Nation-Making beyond Slavery: The United States and the Transformation of 19th-Century Brazil

AHA Session 283
Conference on Latin American History 60
Sunday, January 7, 2018: 9:00 AM-10:30 AM
Virginia Suite A (Marriott Wardman Park, Lobby Level)
Peter M. Beattie, Michigan State University
Peter M. Beattie, Michigan State University

Session Abstract

Hailed as hemispheric “brothers” by overeager financial journals in recent years, Brazil and the United States are certainly kin in terms of their historical trajectories, especially when it comes to the problem of slavery and nation making during the nineteenth century. To date, a robust tradition of comparative studies between the two slave nations has largely focused on race and culture, but has largely treated the Brazilian and United States as separate cases. This has brought into relief important differences regarding the treatment of slaves, the slow demise of slavery, and the distinct paths of political development that emerged as a result in both contexts. More recently, scholars uncovered important connections by looking at the economic structures impacting nation-formation and the institution of slavery in Brazil and the United States from the time of independence to the wars of the 1860s. Focusing on the transatlantic slave trade, commodity exchange, itinerant abolitionists, and the circulation of print material, historians have continued to discover important connections between the two countries.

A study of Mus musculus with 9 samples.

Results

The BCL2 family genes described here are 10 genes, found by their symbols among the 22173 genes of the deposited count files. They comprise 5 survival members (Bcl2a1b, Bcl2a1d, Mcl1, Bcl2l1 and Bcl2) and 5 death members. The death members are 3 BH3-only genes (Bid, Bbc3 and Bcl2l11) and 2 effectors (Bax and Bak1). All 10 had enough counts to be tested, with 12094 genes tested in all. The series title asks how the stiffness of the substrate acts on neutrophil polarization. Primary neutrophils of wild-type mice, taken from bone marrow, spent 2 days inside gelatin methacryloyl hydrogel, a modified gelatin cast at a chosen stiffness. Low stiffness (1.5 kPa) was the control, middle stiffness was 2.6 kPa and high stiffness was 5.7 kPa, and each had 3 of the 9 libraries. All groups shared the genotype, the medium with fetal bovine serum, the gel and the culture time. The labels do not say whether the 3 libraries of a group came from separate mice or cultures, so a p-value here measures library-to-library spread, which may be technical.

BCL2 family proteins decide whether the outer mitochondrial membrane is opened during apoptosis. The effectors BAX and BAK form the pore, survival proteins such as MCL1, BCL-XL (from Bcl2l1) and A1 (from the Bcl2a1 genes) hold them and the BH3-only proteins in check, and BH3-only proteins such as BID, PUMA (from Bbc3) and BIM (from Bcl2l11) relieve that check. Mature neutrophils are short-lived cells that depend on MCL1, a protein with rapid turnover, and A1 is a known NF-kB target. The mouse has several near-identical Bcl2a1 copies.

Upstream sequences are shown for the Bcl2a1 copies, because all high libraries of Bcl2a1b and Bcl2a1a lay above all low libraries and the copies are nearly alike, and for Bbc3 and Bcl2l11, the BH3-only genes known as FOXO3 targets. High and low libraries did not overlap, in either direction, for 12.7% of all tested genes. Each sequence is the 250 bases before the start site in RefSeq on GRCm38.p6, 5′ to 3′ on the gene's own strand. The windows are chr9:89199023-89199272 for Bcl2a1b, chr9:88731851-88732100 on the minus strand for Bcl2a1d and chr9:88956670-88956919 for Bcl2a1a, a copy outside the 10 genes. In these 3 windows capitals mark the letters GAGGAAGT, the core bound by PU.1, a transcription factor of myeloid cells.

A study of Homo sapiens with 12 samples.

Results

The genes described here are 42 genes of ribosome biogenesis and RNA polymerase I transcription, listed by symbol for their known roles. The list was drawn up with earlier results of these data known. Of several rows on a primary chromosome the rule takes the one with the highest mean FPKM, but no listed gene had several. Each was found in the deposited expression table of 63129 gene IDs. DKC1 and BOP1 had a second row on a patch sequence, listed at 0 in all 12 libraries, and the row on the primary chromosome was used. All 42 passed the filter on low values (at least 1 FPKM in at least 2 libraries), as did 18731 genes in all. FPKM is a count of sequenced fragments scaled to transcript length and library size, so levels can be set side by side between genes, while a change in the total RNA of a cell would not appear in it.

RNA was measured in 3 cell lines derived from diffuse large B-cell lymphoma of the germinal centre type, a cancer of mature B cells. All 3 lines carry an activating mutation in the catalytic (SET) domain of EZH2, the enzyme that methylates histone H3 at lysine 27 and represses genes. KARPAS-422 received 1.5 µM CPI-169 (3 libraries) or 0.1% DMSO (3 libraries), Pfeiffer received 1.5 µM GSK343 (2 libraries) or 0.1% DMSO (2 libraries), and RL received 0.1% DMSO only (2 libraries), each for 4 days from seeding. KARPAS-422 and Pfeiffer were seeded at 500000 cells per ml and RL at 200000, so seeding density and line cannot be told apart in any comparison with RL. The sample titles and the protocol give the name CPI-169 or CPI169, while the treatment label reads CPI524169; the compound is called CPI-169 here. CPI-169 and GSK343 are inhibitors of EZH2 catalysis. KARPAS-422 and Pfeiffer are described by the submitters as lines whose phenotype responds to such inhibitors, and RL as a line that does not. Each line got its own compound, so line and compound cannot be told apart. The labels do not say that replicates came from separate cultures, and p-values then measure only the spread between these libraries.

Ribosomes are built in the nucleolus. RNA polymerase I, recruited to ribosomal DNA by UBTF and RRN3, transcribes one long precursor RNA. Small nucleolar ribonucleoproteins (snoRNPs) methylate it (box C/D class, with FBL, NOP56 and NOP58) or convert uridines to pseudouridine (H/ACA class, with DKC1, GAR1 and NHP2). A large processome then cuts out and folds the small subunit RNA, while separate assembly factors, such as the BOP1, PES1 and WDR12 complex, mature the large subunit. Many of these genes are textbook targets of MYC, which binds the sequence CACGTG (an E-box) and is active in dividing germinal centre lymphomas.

This panel aims to take this trend a step further by offering approaches that consider the historical parallels and junctures between the United States and Brazil in terms of the intertwined problems of slavery and nation making. Panelists will examine how technological innovation, geographical imagination, racial formations, and means of population control emerging in the United States conditioned Brazilian modernization. By looking at overlapping networks, policy models, and spatial imaginaries operating across national boundaries, the presentations will sound the possibilities of a comparative and connected history between the two largest independent nations in the Americas in the nineteenth century. The panel thus serves as an exploratory opportunity for historians of the United States and of Brazil to come into a substantive dialogue across regional specializations.